We are working to protect and preserve important portions of land on the boundaries of the Okavango Delta. The world’s largest delta, this magnificent UNESCO World Heritage Site includes both permanent water from the Okavango River and seasonal wetlands that are created when the river floods the semi-arid Kalahari Basin savannah. This results in a unique region of biodiversity among plants and animals.
By acquiring and fencing adjacent lands, we are able to secure wildlife areas and reduce human-wildlife conflict in these delta woodlands, wetlands and grasslands. In return, we are providing jobs and drilling water wells for the nearby communities.
One of our protected reserve areas serves as a soft release site for young elephants who have graduated from the orphanage. Here, they will live independently until mature enough to be truly rewilded. These 1,000 acres are secured from human encroachment by nearly 5 miles of electric fencing to preserve riverine woodlands, seasonal wetlands, mopane and terminalia forests and acacia plains for an assortment of delta wildlife and these young elephants.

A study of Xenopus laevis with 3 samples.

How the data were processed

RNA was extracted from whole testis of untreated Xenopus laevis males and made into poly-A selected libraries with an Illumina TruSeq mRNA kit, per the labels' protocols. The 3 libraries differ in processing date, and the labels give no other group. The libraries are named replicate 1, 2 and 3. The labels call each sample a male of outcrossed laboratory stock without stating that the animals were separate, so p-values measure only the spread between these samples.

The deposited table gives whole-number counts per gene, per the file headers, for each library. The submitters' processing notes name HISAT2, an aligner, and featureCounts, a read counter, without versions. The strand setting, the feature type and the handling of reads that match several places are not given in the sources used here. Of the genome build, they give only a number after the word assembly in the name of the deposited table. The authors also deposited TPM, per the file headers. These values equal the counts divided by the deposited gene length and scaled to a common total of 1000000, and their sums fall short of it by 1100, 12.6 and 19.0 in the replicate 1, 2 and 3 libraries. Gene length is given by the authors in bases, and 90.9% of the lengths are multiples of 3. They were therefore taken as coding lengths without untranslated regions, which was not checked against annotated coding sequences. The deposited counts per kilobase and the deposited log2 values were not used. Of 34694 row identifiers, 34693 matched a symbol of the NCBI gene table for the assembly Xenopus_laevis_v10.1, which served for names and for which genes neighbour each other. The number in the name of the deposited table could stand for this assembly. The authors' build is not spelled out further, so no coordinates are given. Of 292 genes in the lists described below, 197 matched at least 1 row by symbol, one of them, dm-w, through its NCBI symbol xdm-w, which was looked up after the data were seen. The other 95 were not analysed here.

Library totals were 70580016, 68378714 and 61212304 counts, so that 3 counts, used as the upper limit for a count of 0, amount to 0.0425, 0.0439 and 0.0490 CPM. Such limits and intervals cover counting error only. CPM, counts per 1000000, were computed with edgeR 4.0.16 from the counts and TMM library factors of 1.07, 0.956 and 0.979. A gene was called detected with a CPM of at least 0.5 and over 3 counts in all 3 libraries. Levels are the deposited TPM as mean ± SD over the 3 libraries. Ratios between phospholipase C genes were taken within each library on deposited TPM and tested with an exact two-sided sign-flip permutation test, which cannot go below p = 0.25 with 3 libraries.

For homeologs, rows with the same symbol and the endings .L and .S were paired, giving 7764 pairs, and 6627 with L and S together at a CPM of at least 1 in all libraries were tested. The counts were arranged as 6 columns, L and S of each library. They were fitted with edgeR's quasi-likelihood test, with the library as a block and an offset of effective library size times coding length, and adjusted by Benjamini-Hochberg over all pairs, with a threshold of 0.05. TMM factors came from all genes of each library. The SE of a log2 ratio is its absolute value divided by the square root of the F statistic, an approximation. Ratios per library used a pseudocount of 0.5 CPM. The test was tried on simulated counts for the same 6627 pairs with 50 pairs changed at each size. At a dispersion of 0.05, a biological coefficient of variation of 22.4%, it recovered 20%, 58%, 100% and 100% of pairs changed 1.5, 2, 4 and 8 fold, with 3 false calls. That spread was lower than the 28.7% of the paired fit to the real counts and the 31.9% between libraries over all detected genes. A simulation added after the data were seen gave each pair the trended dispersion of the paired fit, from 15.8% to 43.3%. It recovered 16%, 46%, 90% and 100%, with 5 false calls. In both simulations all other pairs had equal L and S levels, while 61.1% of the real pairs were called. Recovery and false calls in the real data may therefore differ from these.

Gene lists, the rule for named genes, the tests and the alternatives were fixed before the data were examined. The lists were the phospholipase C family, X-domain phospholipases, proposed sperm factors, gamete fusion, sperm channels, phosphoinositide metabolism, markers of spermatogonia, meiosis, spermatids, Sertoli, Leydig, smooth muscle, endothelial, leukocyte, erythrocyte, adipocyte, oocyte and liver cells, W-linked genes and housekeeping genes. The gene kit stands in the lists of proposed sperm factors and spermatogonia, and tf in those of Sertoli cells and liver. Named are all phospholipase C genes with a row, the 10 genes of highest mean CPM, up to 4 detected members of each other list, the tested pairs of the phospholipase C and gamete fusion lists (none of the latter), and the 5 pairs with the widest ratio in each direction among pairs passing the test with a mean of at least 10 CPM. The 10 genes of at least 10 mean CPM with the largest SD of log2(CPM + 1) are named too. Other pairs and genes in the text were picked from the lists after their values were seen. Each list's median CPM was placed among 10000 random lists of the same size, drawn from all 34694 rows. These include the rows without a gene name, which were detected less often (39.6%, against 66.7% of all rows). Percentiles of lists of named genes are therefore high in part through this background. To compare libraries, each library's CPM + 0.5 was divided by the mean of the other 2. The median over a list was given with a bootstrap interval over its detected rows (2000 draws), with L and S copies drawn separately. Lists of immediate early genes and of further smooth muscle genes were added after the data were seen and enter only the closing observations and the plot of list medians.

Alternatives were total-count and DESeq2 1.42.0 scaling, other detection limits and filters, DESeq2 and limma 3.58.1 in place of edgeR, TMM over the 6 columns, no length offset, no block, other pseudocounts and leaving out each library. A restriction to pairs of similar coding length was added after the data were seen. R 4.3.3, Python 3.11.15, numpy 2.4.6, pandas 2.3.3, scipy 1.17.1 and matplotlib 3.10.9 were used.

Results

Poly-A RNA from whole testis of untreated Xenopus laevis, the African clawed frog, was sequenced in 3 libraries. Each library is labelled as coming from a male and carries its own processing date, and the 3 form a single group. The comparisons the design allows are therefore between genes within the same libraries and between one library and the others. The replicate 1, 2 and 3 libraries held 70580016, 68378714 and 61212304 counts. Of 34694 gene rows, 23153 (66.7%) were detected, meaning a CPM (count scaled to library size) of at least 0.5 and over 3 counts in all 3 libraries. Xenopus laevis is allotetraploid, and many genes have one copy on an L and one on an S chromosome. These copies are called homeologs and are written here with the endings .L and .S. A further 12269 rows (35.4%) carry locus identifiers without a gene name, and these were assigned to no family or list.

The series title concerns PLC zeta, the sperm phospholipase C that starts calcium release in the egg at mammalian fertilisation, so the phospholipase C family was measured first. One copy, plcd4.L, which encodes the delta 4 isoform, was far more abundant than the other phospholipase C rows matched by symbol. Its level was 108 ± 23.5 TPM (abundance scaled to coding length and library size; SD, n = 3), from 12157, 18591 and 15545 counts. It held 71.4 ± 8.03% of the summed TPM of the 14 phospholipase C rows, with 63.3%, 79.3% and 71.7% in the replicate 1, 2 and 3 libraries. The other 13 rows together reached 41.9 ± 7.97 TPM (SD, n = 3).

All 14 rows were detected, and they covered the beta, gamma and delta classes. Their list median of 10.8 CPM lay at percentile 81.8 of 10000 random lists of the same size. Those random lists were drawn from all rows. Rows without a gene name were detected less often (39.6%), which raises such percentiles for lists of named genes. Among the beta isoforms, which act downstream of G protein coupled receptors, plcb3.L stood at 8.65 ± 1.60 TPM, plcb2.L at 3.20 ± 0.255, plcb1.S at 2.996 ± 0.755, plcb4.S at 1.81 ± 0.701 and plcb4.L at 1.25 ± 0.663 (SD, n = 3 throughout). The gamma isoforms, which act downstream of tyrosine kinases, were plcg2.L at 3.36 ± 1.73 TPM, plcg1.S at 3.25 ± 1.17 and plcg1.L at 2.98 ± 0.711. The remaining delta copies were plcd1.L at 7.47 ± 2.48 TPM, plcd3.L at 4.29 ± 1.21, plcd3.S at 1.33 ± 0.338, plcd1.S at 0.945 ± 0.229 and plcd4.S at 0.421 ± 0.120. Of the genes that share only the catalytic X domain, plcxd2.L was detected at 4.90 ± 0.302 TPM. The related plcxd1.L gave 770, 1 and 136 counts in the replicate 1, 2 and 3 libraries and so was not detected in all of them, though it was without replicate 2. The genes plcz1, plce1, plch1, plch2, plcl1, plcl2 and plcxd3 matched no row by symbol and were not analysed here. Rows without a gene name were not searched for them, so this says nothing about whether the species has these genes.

The orphanage itself, where the youngest elephants roam daily, also serves to preserve additional delta habitat from overgrazing and cultivation. Triple the size of the original footprint, we now have room to rotate the babies to new foraging areas and allow some over-grazed sections to recover.
Because we are located in seasonal wetlands comprised of the same unique bio-systems in the nearby Okavango World Heritage Site, we are always working to procure and protect additional habitat lands. We also seek public and private partnerships to extend the reach of these habitat preservation initiatives.